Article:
New co-manager of out-of-favour ‘best ideas’ trust puts more ‘skin in the game’ as its shares stall 16% below net asset value.
Kartik Kumar, the new co-manager of out-of-favour ‘best ideas’ fund Artemis Alpha (ATS), has made his second big purchase of shares in the investment trust.
Kumar, who will formally replace Adrian Paterson and work alongside John Dodd when the manager retires at the end of year, spent £30,346 on 9,005 ATS shares last Friday at 337p each when - as now - they traded 16% below net asset value.
This takes his total holding to 20,000, having bought 10,000 ATS shares last month two weeks after his appointment and the conclusion of a strategic review by the board were announced.
While his ‘skin in the game’ will be welcomed by investors his stake is dwarfed by Paterson, who has recently increased his holding to 2 million shares or 4.9% of the trust. Dodd holds even more with 7%.
Kumar, a rising star who cut his teeth working on the multi-asset Artemis Strategic Assets fund, was highlighted in 'the Young Guns' feature in the last edition of our e-zine.
ATS shares have rallied nearly 13% this year on hopes that the £139 million trust could be on the path to recovery after a long spell of underperformance caused by a large exposure to small energy stocks during the oil price slump.
The current discount, while wide, has narrowed from an average of nearly 19% in the past year.
The company faces a continuation vote in October which is why alongside the announcement of Paterson's retirement last month the board issued proposals to give investors an opportunity to sell some of their shares at a narrow discount every three years.
It is hoped this will help re-rate the stock.
In addition, more overseas stocks will be added to the portfolio while the allocation to unlisted companies, which have largely disappointed, will continue to be cut to 10%. The dividend will also be linked to inflation to give investors more certainty on the payouts.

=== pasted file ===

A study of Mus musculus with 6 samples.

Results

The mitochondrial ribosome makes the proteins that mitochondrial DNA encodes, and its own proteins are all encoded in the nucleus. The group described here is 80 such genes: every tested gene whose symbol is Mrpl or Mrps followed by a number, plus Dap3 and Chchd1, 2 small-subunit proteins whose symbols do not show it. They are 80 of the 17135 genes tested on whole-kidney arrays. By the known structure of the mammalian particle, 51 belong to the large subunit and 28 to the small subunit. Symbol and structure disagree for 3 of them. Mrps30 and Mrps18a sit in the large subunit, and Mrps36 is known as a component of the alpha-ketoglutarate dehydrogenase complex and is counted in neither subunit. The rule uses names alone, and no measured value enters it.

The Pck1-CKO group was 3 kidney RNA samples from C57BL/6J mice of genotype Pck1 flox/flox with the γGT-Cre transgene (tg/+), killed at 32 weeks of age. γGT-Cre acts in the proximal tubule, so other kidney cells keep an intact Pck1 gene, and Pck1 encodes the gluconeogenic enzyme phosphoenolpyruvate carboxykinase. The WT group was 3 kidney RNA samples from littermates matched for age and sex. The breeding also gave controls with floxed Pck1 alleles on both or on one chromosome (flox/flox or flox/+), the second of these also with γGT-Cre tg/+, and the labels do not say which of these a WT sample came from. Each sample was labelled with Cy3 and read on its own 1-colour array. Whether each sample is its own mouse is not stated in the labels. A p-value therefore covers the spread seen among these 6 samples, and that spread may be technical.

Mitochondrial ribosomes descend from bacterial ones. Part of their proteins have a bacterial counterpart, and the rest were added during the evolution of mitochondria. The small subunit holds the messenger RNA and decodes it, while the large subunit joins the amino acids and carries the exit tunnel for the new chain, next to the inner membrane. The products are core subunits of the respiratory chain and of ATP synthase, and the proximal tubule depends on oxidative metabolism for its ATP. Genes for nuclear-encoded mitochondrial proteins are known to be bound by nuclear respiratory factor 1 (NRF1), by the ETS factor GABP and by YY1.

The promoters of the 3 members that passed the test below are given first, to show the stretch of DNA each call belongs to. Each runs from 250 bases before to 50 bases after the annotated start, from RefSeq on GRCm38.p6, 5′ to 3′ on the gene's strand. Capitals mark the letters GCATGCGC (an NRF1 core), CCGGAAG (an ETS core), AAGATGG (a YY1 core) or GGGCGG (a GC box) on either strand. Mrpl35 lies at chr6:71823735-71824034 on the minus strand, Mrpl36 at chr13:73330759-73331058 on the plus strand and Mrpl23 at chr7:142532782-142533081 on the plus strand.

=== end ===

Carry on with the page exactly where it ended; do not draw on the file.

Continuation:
Kumar has worked on the portfolio for some time and was responsible for the inclusion of Rocket Internet (RKET.DE), the German internet incubator, which is now a top 10 holding in the fund.
Simon Elliott of Winteflood Securities said he was ‘impressed’ on meeting Kumar whose ‘influence on the portfolio can already be seen in several key holdings’.
Nevertheless, like other analysts Elliott was concerned that while the board had probably done enough to win the vote in October, it had not produced a sufficiently distinct proposition to ensure ongoing investor support for the trust.
‘It is not altogether straight forward how to characterise what Artemis Alpha offers moving forward, and what role it plays in investors’ portfolios,’ he said.
Elliott said the wide discount is a reflection of the high number of unquoted stocks that the fund holds and although it plans to reduce this to 10% from 24%, this was ‘unlikely’ to happen before the October shareholder meeting.
‘We would have been tempted to hive off this section of the portfolio into a realisation share class,’ he said. ‘We believe this would have obviated the drag of the unquoted holdings on performance and should have allowed the fund to be re-rated.’
‘We suspect that it will take some time to establish the fund’s distinctive qualities in a crowded market, although maintaining its recent performance record would naturally help,’ said Elliott.
In the past 10 years ATS has generated a total shareholder return of 63%, well below the average 188% return of trusts in its UK All Companies sector.